Discussion in 'Journalism topics only' started by dkphxf, Jan 27, 2011.

  1. dkphxf

    dkphxf Member


    "Some might misunderstand the fact that my every comment has not been a scathing, blistering indictment of network miscues. That might be because, after 40 years in the business, I have an appreciation of the intricacies and difficulties of what ESPN is trying to accomplish. There is plenty to criticize in Bristol, but in some respects I marvel at how well the company presents its product on so many varied platforms. The sheer magnitude of the undertaking today makes any other production operation seem puny by comparison."

    Because there's a lot of complexity of associated with ESPN, allow me to cut them a break. I know I'm supposed to be an impartial outside observer, but, hey, I don't want to call some people out for messing up, even though that's the point of this column. Oh, well, sweet cakes!
  2. slappy4428

    slappy4428 Active Member

    ESPN makes mistakes... and they don't care, despite what they say... back to NBC I go...
  3. LongTimeListener

    LongTimeListener Well-Known Member

    "Also, I mean, I was in charge of re-selling O.J. Simpson to the American people in 1995. OH JAY SIMPSON!!!! If I'm going to be an apologist for that, you think I'm going to give two shits about integrity in journalism?"
  4. Double Down

    Double Down Well-Known Member

    His entire tenure in that job was utterly toothless, and I'd argue, pointless.

    As good as Le Anne Schreiber was in that job, he was equally bad. It's too bad about his health issues, but I doubt from his comments his philosophy would have changed at all had he written about the network weekly instead of bi-annually. You have to wonder if ESPN was, in the end, pleased they paid him to do so little, or even a little disappointed themselves at how irrelevant his role was compared to Schreiber.

    Yes, ESPN runs well for being the monolith that it is. It could also use a strong internal voice that, at the very least, reassures viewers and readers it's not tone deaf to their concerns.

    Backscratching is fine, to a point, unless that's all their is.
  5. Mizzougrad96

    Mizzougrad96 Active Member

    A friend of mine works at ESPN and was ripped (fairly, I believe) in one of Schreiber's columns.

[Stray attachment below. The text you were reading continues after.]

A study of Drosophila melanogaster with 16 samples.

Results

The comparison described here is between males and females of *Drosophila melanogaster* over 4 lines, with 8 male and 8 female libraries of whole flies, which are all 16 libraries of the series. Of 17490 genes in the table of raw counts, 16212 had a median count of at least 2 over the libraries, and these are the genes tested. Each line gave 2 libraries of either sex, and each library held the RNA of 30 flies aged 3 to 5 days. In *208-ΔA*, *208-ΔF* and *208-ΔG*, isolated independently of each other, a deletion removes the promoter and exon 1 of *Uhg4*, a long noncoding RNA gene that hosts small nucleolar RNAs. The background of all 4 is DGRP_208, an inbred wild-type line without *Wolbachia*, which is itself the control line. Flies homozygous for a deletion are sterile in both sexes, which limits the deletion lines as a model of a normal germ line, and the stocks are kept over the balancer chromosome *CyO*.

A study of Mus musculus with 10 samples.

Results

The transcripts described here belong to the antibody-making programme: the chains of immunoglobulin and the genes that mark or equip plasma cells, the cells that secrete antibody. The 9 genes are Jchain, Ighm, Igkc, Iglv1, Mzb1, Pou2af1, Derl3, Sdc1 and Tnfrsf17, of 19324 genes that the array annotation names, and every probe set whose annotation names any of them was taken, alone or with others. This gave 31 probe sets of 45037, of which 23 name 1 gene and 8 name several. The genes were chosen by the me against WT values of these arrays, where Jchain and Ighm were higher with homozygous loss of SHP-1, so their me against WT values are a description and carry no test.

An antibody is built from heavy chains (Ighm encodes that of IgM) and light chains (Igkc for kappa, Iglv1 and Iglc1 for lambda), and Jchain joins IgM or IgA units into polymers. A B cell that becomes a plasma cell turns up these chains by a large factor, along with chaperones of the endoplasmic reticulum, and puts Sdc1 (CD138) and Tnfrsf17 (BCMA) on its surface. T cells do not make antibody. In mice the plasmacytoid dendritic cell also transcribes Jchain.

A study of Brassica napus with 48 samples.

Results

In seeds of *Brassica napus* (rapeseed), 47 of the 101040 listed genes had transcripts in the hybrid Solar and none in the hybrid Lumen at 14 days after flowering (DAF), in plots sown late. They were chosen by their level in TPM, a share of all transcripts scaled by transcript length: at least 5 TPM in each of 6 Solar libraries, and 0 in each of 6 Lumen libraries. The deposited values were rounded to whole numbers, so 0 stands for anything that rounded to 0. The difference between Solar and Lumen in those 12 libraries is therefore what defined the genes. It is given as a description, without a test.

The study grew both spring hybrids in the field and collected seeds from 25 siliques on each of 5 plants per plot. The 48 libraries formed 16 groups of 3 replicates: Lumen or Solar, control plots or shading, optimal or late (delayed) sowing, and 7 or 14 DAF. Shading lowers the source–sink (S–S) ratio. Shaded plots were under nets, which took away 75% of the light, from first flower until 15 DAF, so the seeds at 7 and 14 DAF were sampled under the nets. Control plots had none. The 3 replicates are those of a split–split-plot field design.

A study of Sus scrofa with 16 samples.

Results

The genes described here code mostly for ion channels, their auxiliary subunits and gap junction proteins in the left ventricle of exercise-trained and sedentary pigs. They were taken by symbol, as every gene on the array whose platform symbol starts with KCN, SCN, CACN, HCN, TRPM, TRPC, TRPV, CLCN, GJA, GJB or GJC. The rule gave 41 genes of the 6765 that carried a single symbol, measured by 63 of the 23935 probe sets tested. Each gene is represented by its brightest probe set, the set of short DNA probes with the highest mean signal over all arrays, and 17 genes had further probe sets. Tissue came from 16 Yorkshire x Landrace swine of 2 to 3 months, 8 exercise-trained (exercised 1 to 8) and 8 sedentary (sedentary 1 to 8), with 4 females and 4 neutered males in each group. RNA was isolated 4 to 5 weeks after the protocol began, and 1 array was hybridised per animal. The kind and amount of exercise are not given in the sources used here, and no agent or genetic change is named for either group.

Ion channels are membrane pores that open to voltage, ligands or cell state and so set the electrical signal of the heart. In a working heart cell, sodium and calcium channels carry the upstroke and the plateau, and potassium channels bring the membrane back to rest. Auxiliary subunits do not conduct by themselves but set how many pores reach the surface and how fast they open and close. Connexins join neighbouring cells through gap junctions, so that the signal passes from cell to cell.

He went into his boss' office and apologized for what he had done wrong (something small).

    His response: "Fuck her. Nobody cares what she writes..."
  6. DanOregon

    DanOregon Well-Known Member

    I think on the whole, ESPN does a great job. It would be easy for a company with the programming contracts it does to skimp in other areas and not put people where they do. Which I think, makes their shortcomings more surprising when they do happen.
  7. Inky_Wretch

    Inky_Wretch Well-Known Member

    How many columns did he end up writing? One every four months?
  8. peacer84

    peacer84 Member

    This pretty much sums up ESPN in a nutshell. Nobody complains about ESPN's inaccuracies, because they're fairly accurate. It's the choices they make in terms of what to blow up and what to keep a lid on that not many like.

    ESPN is going to do what ESPN does no matter how many people hate it because it's 24/7 sports for bars to throw on in the background and for the average fan to fall asleep to.

    As a sportswriter, I get enough of national sports at work that if I need anything, I check out Yahoo Sports on my computer. I don't go to ESPN.com and I rarely watch ESPN on TV anymore.

    Does anyone else feel this way?
  9. HanSenSE

    HanSenSE Well-Known Member

    Has ESPN had a real ombusdman (in the mold of the late David Shaw at the LA Times) since George Solomon?
  10. slappy4428

    slappy4428 Active Member

    But even he couldn't affect policy change. How many issues have any of the ombudsmen (or women) actually made a lasting impression or change in?
    Suits do what they want -- the ombudsmen are like British cops -- stop or I'll say stop again.
  11. HanSenSE

    HanSenSE Well-Known Member

    Point to Slappy.
  12. Double Down

    Double Down Well-Known Member

    HanSen, did you miss the entire Lee Anne Schrieber era?

    Solomon wasn't close to as good at that job as she was.